Milwaukee Journal Sentinel’s bogus argument for TPP labor rights
by Mike Konopacki

It’s no surprise that the pro-business Milwaukee Journal Sentinel would endorse the Trans-Pacific Partnership. But to cloak its support in a bogus affirmation of worker rights is a joke. In its editorial, the MJS blasted former senator Russ Feingold’s denunciation of the TPP, “And the former senator ignores TPP’s strong worker protections that require all countries to meet enforceable rules, including the freedom to form unions and bargain collectively and prohibitions against child labor.”

Then it published a pro-TPP editorial from former Wisconsin governor Jim Doyle. “As former governor of Wisconsin, I fought to protect labor rights, both in and out of office. That’s why I’m supporting this deal — it is an opportunity for an unprecedented expansion of labor rights to parts of the globe that need it most.”

The TPP will NOT expand labor rights to a country that needs it most — the U.S. Nor will it expand labor rights to a state that has nothing but contempt for labor rights — Wisconsin. During his failed run for president Scott Walker called for the elimination of the NLRB and for a nationwide Right-To-Work law. Would the TPP protect U.S. workers from such extremism? No.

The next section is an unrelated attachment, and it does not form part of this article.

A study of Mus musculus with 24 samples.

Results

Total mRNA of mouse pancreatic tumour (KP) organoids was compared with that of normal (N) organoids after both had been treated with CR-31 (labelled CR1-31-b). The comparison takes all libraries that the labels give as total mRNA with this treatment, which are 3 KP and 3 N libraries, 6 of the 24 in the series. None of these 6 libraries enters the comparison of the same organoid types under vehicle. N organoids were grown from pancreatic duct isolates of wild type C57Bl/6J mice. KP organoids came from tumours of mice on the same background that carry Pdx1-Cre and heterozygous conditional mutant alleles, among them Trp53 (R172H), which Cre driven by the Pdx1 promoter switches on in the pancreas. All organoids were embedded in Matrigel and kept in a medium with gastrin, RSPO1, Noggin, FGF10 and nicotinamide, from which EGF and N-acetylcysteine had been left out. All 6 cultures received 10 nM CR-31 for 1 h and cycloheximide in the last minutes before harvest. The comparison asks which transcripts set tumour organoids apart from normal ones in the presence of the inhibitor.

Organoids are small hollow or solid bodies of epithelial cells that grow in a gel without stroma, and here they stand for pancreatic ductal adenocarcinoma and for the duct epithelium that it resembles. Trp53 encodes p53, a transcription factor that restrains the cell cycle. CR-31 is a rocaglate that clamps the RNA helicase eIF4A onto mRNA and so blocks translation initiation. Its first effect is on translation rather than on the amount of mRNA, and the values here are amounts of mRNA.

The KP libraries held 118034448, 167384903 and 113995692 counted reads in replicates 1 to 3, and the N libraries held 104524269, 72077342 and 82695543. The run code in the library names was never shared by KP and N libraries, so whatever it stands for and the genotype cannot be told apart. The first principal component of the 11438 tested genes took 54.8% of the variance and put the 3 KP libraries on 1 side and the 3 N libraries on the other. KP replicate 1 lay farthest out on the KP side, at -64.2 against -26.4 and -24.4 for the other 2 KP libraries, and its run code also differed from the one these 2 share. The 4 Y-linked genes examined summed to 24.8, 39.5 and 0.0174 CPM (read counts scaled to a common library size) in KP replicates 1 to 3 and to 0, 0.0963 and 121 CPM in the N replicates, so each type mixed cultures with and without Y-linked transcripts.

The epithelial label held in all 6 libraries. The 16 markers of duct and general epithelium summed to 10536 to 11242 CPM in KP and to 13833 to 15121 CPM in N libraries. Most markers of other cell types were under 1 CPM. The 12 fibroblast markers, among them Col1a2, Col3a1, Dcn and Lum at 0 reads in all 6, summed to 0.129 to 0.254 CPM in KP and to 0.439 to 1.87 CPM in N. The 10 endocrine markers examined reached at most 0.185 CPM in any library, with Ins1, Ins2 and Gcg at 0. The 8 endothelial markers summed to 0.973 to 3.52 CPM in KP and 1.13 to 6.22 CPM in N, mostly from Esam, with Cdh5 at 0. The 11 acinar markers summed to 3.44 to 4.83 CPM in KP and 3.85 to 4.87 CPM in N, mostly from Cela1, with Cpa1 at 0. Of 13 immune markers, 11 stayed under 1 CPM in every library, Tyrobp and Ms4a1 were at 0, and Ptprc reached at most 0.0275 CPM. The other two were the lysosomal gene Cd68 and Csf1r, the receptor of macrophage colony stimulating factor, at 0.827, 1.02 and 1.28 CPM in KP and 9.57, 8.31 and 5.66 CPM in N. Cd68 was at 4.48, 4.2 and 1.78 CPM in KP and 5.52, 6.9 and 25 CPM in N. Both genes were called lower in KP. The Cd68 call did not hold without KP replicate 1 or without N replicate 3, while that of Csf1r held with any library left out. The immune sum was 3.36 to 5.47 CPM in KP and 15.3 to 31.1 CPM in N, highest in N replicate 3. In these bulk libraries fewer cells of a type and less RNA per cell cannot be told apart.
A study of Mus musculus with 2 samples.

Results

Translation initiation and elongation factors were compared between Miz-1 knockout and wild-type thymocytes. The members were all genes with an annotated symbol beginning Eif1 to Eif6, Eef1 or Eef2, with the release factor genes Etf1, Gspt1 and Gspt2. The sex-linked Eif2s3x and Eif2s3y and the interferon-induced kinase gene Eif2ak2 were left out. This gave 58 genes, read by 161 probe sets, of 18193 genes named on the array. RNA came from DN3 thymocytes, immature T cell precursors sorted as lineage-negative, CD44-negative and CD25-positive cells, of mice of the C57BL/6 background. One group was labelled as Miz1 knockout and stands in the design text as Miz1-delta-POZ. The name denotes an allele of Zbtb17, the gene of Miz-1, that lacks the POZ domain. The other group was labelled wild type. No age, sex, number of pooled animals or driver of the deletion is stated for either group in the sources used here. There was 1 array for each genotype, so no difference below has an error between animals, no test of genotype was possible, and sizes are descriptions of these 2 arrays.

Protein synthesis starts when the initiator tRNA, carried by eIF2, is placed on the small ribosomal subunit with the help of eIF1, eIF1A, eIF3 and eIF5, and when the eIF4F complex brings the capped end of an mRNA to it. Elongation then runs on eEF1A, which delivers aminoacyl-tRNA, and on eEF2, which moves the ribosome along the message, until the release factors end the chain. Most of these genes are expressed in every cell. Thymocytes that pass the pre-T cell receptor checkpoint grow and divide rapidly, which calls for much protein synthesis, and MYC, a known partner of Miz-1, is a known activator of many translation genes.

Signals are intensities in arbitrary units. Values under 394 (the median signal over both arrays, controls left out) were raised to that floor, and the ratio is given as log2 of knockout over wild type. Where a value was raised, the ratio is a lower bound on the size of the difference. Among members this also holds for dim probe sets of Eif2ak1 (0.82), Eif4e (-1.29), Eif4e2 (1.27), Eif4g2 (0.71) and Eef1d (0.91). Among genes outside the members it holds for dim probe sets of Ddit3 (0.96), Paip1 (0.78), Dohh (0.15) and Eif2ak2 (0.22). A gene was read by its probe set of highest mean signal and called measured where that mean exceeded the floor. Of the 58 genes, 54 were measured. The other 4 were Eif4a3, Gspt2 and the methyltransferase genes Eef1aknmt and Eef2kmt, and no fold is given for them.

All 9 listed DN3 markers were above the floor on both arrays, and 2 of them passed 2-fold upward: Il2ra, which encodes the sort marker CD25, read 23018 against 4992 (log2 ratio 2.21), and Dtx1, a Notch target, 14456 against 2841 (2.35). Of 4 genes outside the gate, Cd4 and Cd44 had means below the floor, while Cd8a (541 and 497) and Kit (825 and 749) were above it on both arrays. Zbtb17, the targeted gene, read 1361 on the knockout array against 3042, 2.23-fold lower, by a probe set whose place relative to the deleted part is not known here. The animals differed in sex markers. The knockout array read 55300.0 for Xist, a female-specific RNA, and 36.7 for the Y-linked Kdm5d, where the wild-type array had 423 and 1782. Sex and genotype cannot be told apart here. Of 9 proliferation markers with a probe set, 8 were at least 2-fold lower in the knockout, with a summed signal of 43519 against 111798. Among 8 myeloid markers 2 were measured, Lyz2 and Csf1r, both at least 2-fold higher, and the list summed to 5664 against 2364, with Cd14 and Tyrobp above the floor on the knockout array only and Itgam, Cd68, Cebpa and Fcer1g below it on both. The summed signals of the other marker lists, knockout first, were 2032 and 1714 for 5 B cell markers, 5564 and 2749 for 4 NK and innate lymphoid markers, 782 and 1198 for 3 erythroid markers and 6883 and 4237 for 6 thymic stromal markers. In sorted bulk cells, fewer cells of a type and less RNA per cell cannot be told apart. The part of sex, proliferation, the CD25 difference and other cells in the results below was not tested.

The U.S. has the worst labor rights of any western democracy. According to the International Trade Union Confederation’s 2014 survey of the world’s worst countries for workers, the U.S. rated 4 out of a score of 0-8. “Workers in countries with the rating of 4 have reported systematic violations. The government and/or companies are engaged in serious efforts to crush the collective voice of workers putting fundamental rights under continuous threat.”

While a signatory to the International Labor Organization, the U.S. has refused to ratify two of the Fundamental Conventions of the ILO that guarantee the right to organize and the right to bargain collectively (Conventions 87 and 98.)

Does signing the TPP mean that the U.S. will enforce the labor rights provisions? The AFL-CIO doubts that. “In November 2014, the Government Accountability Office reported that the U.S. government’s enforcement of labor provisions in existing trade agreements is already weak.” In April, 2015 AFL-CIO president Rich Trumka testified before the U.S. Senate that even after the Obama administration crafted changes to the Colombia trade agreement, killing and brutalizing union organizers was not considered interfering with labor rights.

How can the U.S. claim to protect worker rights in its trade agreements when it can’t even protect them in its own country? And how can the Journal Sentinel be taken seriously when it promotes this fiction?